Chris Noda Director of Golf at Mauna Lani Golf

Mauna Lani Golf on Hawai’i Island has named Chris Noda as the club’s new director of golf. As director of golf, Noda will lead the golf operations, agronomy, retail and golf-related sales and marketing for Mauna Lani Golf’s two award-winning golf courses.

Managed by Troon® Golf, Mauna Lani Golf’s North and South Courses are masterpieces of design and are stunning examples of what environmentally-sensitive golf course architecture can achieve, with numerous archeological sites, trails, fishponds and ancient Hawaiian petroglyphs preserved throughout the courses. Earlier this year, Mauna Lani’s two courses were honored by Golf Advisor, the leading source for golf course ratings and reviews, as the No. 1 (South) and No.6 (North) courses in Hawaii.

“We are excited to have Chris lead golf operations at Mauna Lani,” said Guy Sugden, vice president operations, Troon Golf. “Chris is very analytical, an outstanding communicator, and will work well with our resort partners at the newly designedMauna Lani, Auberge Resorts Collection, which is set to open in January 2020.”

Noda most recently served as director of revenue management at Kapalua Golf on Maui. While at Kapalua, Noda was responsible for golf revenues from group outings and tournament play on the property’s Plantation and Bay courses.

Mauna Lani’s South Course, a Homer Flint, Raymond Cain and Robin Nelson design, was built on the 16th-century Kaniku lava flow snaking through stark, rugged a’alava. A pair of par 3s – the 7th and 15th holes – are Mauna Lani South’s signature holes and are two of the most photographed golf holes in the world. The South Course was home to the Senior Skins Game from 1990 to 2000 and Golfweek magazine rates it as one of the “Best Courses to Play in Hawai’i.”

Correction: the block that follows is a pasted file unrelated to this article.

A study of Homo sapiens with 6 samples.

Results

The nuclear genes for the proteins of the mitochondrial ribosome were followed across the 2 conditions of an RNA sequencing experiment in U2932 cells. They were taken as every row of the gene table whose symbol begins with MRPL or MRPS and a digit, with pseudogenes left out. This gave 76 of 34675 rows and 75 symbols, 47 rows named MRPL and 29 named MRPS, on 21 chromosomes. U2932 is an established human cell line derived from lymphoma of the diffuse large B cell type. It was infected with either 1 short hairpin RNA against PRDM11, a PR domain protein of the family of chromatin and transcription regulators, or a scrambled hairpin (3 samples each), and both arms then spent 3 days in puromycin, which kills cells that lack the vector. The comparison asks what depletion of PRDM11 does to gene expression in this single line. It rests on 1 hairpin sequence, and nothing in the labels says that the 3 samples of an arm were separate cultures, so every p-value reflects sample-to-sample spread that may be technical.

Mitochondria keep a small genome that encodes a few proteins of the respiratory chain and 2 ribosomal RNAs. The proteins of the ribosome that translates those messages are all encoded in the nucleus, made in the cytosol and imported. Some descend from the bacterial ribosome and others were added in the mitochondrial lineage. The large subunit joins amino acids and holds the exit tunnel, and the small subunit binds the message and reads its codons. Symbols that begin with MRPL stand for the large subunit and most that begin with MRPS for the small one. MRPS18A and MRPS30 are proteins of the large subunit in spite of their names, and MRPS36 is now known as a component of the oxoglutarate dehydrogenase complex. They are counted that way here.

Mauna Lani’s North Course, a Flint, Cain and Nelson design, was built on an ancient lava bed and is ranked by Golfweek as one of the top courses on Hawaii. Overlaying the rugged brown pahoehoe lava flow, the North Course features rolling fairways and through kiawe forests. A 230-acre protected archeological district lies on the northern edge of the North Course, while feral goats roam the course, cropping the grass and providing a unique neutral hazard. The par-3 17th is the signature hole on the North Course as a series of elevated tees form a natural amphitheater with the green at the base of a lava bowl.

For more information on Mauna Lani Golf, visit www.MaunaLaniGolf.com or call 808-885-6655.

About Mauna Lani Golf

Since opening in 1981, the Mauna Lani golf courses have collected numerous “best courses you can play” awards from GolfweekGolf Digest andGOLF Magazine. Mauna Lani’s award-winning South Course formerly hosted the prestigious Hawaii State Open and was the site of the Senior Skins Game from 1990 to 2000, hosting many of golf’s greats, including Arnold Palmer, Jack Nicklaus, Lee Trevino, Chi Chi Rodriquez, and Gary Player. The South Course, a Homer Flint, Raymond Cain and Robin Nelson design, was built on the 16th century Kaniku lava flow snaking through stark, rugged a’a lava. A pair of par 3s – the 7th and 15th holes – are Mauna Lani South’s signature holes and are two of the most photographed golf holes in the world. The South Course was home to the Senior Skins Game from 1990 to 2000 and Golfweek magazine rates it as one of the “Best Courses to Play in Hawai’i.” Mauna Lani’s North Course, a Flint, Cain and Nelson design, was built on an ancient lava bed and is ranked by Golfweek as one of the top courses on Hawaii. Overlaying the rugged brown pahoehoe lava flow, the North Course features rolling fairways and through kiawe forests. A 230-acre protected archeological district lies on the northern edge of the North Course, while feral goats roam the course, cropping the grass and providing a unique neutral hazard. The par-3 17th is the signature hole on the North Course as a series of elevated tees form a natural amphitheater with the green at the base of a lava bowl.